It’s been a pretty decent month, pianistically speaking, what with the regional debuts of several “new” pianos, one of which – the NC Symphony’s – really is new. One heard in Greensboro, mid-month, is old, but it’s a honey, and of course it’s new here . And lest anyone think that the NCS has a hammerlock on such things, we must recall that UNC has a couple of relatively new Steinways, too. The one named “Terry,” for UNC soprano Terry Rhodes, was heard on the afternoon of October 24 when Timothy Ehlen, of the University of Illinois at Urbana-Champaign, came to town for a Hill Hall recital given under the auspices of the William S. Newman Artists Series. This series is one of UNC’s – and thus Orange County’s – little gems, a series of family-friendly, affordable programs featuring outstanding faculty and guest artists in programs that often veer from the old tried-and-true path, just as its distinguished namesake did during his many years in Chapel Hill. UNC is richly blessed to have a pair of virtually identical instruments, which allows the venerable Music Department to put on a rich variety of events, including two-piano works, both stand-alone and orchestrally-accompanied. (Terry’s “companion” is “Stafford,” named for tenor Stafford Wing. The NCS could, of course, have had five or six new pianos, had it invested in “hardware” instead of marketing, in recent months….)

On this occasion, the lineup included the sort of suspects one might expect to hear – Mozart, Beethoven, Chopin, and Brahms – but with a wonderful twist that we’ll get to in a moment. The sound in the lightly-populated hall was good, and Ehlen began with Mozart’s Sonata No. 8, in A Minor, K.310, in which his technical prowess was clearly evident. The music seemed a bit pushed – it could have been nerves, or it could have been his somewhat “Romantic” view of the score, or perhaps he was merely trying to dazzle the crowd. Beethoven’s Sonata No. 28, in A Major, Op. 101, went altogether swimmingly. The guest artist shaped and shaded the opening movement quite wonderfully, and the second movement was at once atmospheric and probing. The slow movement was elegant and emotionally engaging. The finale, too, went very well, and the fugue was impressively projected.

Chopin’s F Sharp Barcarolle figured in the aforementioned Greensboro recital, where it was played on an instrument made in 1848. It was therefore revealing to hear it again, this time on a modern grand piano. The artistic results were in many respects comparable, but of course the sound was entirely different. Ehlen clearly loves this selection, for he encouraged himself with his left hand, much as a conductor might do, when it was not otherwise occupied. He was warmly applauded for his keen musicianship.

The pièce de résistance turned out to be the recital’s last work, however. It was by Brahms, but it wasn’t one of the well-known scores. Instead, on the heels of the NC Symphony’s recent round of concerts, centering on the Second Concerto, Ehlen offered the Third Piano Sonata, in F Minor, Op. 5. Readers will note the low opus number and the fact that two others preceded it. Sadly, these early works tend to point up some of the shortcomings critics have noted in Brahms – that he is too windy, too reluctant to come to a logical conclusion, too infatuated (some say) with the magnificence of his own creations. Conductors of the Germanic ilk can make his orchestral music – and particularly the serenades – seem endless. It’s a tribute to Ehlen’s acumen that his reading of this sonata, which is by far the best – and best-known – of the three, flowed nicely, more like a babbling brook than a stagnant stream. Some of us were amused to hear again Brahms’ reluctance to conclude its various sections – and surprised, too, on the occasions when he ends somewhat abruptly (although in this case, as elsewhere in music, all things are relative…). The second movement can seem quite disjointed, but it didn’t, here; the third contains some noodling that shows that the composer could have benefited from a good editor; and the finale (the fifth movement) ruminates a bit before it kicks into gear. The opening movement and the fourth are clearly the strongest of the lot. Ehlen minimized the sprawl of the first, brought out the considerable drama of the fourth, and did as well with the other sections as anyone we’ve heard, aside from an ancient recording by Percy Grainger(!). In other words, Ehlen made a strong case for a work that, absent performances like his, probably deserves its obscurity.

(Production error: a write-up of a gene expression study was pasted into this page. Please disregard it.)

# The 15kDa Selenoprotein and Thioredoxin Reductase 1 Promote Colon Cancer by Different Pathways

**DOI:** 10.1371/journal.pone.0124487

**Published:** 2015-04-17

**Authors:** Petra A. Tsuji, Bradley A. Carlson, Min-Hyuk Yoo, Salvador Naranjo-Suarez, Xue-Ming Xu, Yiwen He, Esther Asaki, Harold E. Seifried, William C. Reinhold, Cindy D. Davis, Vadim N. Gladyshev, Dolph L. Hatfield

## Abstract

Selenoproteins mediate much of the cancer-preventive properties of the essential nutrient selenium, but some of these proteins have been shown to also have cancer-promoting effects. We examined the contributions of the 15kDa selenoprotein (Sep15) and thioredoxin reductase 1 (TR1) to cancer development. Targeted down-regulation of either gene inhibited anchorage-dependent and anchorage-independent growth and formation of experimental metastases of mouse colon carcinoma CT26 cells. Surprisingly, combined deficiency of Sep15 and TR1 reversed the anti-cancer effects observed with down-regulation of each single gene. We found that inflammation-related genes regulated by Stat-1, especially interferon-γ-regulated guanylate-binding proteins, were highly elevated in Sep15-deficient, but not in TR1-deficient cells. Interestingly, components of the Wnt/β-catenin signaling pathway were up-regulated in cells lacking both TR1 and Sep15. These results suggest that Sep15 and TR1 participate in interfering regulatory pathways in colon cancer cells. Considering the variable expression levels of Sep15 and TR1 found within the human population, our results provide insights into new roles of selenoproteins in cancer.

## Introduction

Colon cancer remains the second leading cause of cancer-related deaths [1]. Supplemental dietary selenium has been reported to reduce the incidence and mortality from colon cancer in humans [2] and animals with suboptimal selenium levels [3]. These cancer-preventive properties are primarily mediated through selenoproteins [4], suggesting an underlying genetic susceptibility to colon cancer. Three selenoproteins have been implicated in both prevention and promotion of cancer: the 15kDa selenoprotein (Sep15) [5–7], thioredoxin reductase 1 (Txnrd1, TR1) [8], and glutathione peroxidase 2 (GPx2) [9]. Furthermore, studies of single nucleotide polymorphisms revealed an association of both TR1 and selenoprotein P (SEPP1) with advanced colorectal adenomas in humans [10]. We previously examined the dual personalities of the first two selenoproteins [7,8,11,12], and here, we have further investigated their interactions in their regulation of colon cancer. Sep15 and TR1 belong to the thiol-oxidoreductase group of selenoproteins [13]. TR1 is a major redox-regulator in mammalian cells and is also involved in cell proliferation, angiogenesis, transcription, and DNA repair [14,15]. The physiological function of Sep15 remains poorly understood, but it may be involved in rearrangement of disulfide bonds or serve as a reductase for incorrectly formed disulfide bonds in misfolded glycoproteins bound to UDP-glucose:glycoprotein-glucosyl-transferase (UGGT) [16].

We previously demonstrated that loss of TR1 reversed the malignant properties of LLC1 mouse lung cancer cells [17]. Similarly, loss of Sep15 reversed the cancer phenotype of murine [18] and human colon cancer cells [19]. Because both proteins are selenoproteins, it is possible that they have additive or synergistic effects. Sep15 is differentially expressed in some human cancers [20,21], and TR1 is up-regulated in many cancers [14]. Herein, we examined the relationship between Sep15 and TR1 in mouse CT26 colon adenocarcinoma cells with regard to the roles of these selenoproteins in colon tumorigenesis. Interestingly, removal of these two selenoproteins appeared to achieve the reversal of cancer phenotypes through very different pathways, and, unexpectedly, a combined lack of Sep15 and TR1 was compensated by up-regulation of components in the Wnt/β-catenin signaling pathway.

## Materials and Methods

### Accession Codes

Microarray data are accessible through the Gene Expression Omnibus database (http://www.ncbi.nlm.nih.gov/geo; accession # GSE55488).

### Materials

When he was brought back by applause, Ehlen played the A Flat Impromptu (D.899/4) by Schubert, which sent the crowd away on wings of song.

The next concert on this series, part of the Duke-UNC Milestones Festival, will be presented in the same venue on November 19. See our current calendar for details.